Shiprock school shines at solar competition
By Alastair Lee Bitsoi
ALBUQUERQUE, May 16, 2013
(Times photo – Donovan Quintero)
After five rounds of elimination last Friday at the Albuquerque Explora Museum, the Bombers coasted their solar-powered car to the championship, where they beat Native Pride of Santo Domingo Pueblo. The 19th annual solar race, sponsored by Public Service Co. of New Mexico, had a field of 28 teams, including several from Mesa Elementary.
"It feels awesome," said 11-year old Jolene Joey about her team's first-place victory, "because we didn't know we were going to win."
Joey and teammate Crystal McKinley, 11, designed the car, while teammates Kasheo Heyde, 10, and Tyus Woods, 12, built it.
"We focused and took turns," added Woods.
During his interview with the Navajo Times, Woods heard his song - "Sorry for Party Rocking" by LMFAO - being blasted on the surround sound system, before his teammates said with chuckles, "Tyus that is your song. Go dance!"
Though Tyus didn't dance with the other kids, he was able to muster a response while dancing in place and did say that timing was vital to their victory.
"If you hold it too tight, the car gets stuck," he said about the solar cars, which are connected to a string through a paper clip. The string serves as a guide for the solar cars.
"If you didn't hold it tight, then it would stay on the ground," he added.
According to Doug McNealy, PNM's contact for Mesa Elementary, the Bombers designed a more aerodynamic car compared to the other 27 solar cars. The Bombers' car, named after a bomb, was lightweight and had five squares carved into its foam body to allow to it be aerodynamic.
"We figured with bigger squares it would be faster and if it's heavy we could have lost all five races," Joey added.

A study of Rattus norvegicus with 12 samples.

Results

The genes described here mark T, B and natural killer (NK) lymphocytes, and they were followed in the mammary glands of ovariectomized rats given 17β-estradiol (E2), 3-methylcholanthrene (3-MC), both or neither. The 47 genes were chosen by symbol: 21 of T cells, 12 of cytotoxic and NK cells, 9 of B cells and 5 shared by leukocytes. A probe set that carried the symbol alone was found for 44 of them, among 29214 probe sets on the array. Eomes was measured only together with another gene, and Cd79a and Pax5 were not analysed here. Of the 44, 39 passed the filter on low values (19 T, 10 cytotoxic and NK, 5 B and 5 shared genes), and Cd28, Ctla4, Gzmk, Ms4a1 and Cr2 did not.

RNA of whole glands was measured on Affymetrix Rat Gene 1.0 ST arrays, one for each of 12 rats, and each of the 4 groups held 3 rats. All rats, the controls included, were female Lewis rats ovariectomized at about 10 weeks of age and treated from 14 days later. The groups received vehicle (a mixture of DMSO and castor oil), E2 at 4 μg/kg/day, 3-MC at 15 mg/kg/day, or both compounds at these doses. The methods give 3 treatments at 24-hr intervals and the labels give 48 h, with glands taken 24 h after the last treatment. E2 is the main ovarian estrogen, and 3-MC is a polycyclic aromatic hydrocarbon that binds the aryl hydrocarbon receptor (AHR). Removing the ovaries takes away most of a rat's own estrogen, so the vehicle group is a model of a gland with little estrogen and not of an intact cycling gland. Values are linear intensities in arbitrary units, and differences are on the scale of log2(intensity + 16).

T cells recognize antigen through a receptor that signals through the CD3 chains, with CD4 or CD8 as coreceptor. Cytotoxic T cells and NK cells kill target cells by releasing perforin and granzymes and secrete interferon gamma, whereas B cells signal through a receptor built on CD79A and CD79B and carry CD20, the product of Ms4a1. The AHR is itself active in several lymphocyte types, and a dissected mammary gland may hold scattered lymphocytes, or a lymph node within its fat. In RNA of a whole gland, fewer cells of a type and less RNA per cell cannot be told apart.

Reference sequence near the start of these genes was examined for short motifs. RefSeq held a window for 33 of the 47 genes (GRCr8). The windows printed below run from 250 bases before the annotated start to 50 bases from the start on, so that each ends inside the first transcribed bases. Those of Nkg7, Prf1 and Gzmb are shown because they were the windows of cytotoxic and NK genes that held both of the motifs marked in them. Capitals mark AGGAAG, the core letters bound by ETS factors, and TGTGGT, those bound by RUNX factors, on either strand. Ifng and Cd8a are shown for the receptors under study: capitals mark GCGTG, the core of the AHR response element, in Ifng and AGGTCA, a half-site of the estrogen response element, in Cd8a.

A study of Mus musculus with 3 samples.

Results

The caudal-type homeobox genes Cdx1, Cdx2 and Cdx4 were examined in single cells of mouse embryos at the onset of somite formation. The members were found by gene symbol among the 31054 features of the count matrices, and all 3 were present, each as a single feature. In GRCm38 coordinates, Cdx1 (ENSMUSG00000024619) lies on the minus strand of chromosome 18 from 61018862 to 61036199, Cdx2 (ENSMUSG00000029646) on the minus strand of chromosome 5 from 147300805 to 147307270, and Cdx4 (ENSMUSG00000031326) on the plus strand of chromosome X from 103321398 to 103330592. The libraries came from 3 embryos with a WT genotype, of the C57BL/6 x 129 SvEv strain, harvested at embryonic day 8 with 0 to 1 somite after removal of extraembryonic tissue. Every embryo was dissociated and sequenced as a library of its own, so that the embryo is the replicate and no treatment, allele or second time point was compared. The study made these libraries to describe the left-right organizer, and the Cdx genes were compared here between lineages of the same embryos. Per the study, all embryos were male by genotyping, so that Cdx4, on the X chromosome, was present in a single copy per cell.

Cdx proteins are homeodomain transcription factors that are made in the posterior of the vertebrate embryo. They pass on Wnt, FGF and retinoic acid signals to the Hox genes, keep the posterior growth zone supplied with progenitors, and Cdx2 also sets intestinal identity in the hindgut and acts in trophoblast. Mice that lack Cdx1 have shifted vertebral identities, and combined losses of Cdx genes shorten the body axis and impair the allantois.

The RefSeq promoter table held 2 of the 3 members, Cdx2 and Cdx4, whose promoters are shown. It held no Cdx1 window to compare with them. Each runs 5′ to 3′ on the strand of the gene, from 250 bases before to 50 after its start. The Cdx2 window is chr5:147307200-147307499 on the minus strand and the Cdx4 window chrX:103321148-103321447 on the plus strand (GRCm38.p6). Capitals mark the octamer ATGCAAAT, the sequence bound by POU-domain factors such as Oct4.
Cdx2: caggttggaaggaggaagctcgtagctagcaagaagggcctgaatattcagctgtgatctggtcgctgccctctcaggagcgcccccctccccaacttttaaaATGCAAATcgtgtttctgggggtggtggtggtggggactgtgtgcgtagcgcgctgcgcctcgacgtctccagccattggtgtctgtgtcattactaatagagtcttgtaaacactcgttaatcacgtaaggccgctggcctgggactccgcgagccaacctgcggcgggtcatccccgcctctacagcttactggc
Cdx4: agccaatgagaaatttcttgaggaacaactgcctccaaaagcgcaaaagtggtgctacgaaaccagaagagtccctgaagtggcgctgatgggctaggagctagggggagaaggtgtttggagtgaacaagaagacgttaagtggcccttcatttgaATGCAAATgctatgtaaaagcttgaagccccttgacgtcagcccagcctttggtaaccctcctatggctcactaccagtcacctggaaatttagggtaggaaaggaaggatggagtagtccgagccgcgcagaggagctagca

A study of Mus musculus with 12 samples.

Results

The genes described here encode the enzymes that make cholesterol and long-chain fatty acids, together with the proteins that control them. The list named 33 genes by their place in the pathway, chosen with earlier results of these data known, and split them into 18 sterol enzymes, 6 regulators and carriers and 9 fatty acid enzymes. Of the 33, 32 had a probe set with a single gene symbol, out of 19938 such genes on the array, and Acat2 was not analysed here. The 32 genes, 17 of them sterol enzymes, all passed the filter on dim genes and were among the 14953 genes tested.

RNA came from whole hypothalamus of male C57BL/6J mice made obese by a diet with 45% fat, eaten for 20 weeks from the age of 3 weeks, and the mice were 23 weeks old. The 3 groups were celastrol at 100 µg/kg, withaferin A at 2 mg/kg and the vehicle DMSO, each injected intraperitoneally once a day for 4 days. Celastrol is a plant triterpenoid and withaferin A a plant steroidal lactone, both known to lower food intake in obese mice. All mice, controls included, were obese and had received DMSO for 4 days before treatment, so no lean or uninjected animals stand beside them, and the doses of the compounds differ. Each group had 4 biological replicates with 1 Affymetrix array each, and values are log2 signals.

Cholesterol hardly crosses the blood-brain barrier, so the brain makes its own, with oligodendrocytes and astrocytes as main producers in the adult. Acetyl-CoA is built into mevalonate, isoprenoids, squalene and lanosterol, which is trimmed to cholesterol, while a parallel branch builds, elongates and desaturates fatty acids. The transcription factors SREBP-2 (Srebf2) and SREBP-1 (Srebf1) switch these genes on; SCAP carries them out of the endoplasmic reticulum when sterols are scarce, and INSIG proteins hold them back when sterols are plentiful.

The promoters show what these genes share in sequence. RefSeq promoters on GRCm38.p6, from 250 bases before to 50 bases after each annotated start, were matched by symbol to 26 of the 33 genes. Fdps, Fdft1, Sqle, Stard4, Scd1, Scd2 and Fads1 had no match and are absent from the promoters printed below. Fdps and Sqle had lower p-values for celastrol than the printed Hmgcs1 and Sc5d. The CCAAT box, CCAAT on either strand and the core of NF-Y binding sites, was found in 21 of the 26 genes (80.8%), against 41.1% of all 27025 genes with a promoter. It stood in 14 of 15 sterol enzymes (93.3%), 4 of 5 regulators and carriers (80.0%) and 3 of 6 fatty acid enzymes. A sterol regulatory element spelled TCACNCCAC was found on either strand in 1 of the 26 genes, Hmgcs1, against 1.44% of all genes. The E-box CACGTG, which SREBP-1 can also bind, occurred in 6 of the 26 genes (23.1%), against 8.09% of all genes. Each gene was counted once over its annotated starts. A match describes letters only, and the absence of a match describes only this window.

As part of PNM's outreach effort to help communities they serve with utilities, which includes 19 tribal communities, McNealy was sent to Shiprock. He provided students from Mesa Elementary School with building supplies, including a foam core, a solar panel, and 9-volt motor kit with axels and tires, among other tools.
"The kids are awesome," he said. "You couldn't ask for a better group of kids."
En route to the championship, the Bombers eliminated five teams and also had to deal with the forces of Mother Nature by relying on the sun to generate enough power off their solar panel or a battery when rain clouds were passing through downtown Albuquerque and over the rooftop of the museum, where the competition was held on a patio.
"Everyone who has a car in the race, take it to the pit to put a battery on it," said MC Richard Johnson, an electrical engineer for TRC Solutions in Albuquerque, periodically throughout the competition.
According to fifth-grade teacher and coach for the competition Dionne Allison, the victory was Mesa Elementary's first in the car-race category.
"I think bonding and their ability to work together is what helped them," Allison observed about the Bombers. "They worked really hard."
The Chiefs, also of Mesa Elementary, took third-place honors over SR Marmon's Native Girls. The Chiefs include Valencia Begay, Kiara Frank, Amaya Garnenez and Lara Jones, and teacher-coach Brian Ingham.
In the design competition, Cooler Than U from Mesa Elementary won first place, while The Heat from Tesuque Pueblo and Black Pop, also from Mesa, took second and third place, respectively.
The Purple All-Stars from Santa Ana Pueblo won the aesthetics category. Bear Claw from San Felipe placed second and Kool Aid, also from San Felipe, placed third in aesthetics.
In the combined category, which measures speed, design and aesthetics of the solar cars, The Purple All-Stars won first place. Mesa Elementary's Cooler Than U was runner-up and Bear Claw took third place.
PNM's tribal relations manager Kathy Newby, originally from Tohatchi, N.M., called the event a success, adding that it provides an opportunity for tribal students to get exposed to science, technology, engineering and mathematics.
When designing their solar cars, Newby said students learn how to work in a team environment and also learn how to improvise to race their cars, which run either on solar or battery, depending on the weather.
When running on solar or battery, timing is everything, Newby said.